The Relationship between Exercising and Cholesterol in Men

As you get older, and especially when you reach 60 years of age, your cholesterol levels tend to rise.   However, men who exercise at an early age, improve their chances of delaying the onset of high cholesterol which has a direct effect on the development of chronic diseases such as cardiovascular disease, stroke and osteoporosis, to name a few.

A study was undertaken to determine the effects of aerobic-style exercise to help reduce cholesterol in men, whereby 11,418 healthy men between the ages of 20 to 90 years were analyzed over a period of 36 years.  In order to participate in the study, the subjects had to have normal cholesterol levels and no previous history of heart disease or cancer, were well educated and financially stable.  Throughout the decades of testing, researchers performed an average of three blood tests to check the cholesterol levels, as well as administered treadmill tests to measure cardio-respiratory fitness.  It was found that the higher the scores achieved on the fitness test, the lower the cholesterol and low-density lipoprotein (LDL “bad” cholesterol) levels were, and the opposite applied as well.  It was also reported that men with low levels of fitness experienced higher cholesterol at an earlier age.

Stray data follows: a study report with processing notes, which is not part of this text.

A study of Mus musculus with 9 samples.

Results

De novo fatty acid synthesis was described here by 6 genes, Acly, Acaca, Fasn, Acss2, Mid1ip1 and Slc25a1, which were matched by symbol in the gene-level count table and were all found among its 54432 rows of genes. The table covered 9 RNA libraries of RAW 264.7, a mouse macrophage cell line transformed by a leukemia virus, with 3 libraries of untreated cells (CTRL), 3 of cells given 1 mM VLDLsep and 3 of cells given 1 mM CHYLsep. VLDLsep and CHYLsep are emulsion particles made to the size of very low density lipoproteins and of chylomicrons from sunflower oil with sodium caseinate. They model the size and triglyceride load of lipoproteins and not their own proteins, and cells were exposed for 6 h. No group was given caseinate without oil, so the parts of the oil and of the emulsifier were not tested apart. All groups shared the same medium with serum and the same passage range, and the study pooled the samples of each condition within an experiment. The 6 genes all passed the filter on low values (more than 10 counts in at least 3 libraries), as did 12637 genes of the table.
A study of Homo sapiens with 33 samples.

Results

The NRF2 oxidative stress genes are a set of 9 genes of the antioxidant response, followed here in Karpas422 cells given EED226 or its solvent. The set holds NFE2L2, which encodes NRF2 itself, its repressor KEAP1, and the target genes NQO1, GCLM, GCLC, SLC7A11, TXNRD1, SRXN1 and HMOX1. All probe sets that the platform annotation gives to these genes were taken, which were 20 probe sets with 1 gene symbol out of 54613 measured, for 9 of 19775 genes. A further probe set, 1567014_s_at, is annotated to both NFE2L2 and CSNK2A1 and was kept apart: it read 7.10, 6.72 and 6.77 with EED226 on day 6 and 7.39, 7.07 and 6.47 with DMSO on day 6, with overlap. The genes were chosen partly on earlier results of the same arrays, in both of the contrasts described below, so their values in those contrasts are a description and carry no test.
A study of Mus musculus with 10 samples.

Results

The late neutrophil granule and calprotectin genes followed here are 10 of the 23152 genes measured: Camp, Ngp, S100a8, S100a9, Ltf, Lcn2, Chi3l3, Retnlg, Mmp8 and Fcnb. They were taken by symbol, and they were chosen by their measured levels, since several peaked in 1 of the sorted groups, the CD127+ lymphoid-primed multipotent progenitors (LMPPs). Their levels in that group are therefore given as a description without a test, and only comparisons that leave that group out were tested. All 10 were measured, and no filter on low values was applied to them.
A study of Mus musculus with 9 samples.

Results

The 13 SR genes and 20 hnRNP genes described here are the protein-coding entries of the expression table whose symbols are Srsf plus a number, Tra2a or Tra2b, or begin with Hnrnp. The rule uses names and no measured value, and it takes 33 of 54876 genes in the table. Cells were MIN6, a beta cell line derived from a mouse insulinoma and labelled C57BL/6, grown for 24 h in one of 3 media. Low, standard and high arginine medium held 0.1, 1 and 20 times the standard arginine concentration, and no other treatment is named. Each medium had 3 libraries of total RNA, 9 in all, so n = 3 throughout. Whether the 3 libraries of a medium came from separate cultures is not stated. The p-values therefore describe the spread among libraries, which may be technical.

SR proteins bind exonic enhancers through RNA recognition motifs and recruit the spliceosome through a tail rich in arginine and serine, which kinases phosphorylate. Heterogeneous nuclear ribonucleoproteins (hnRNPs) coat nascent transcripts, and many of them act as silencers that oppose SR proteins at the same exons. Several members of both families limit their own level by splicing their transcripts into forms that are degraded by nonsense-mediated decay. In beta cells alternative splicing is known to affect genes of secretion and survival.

A downside of the study was that they did not take into account eating habits that may affect cholesterol levels or cholesterol-lowering medication. However, there is no doubt that exercise is highly beneficial in preventing diseases that develop with age such as cardiovascular disease and osteoporosis, and it is important to get at least 150 minutes of moderate exercise per week in order to achieve this.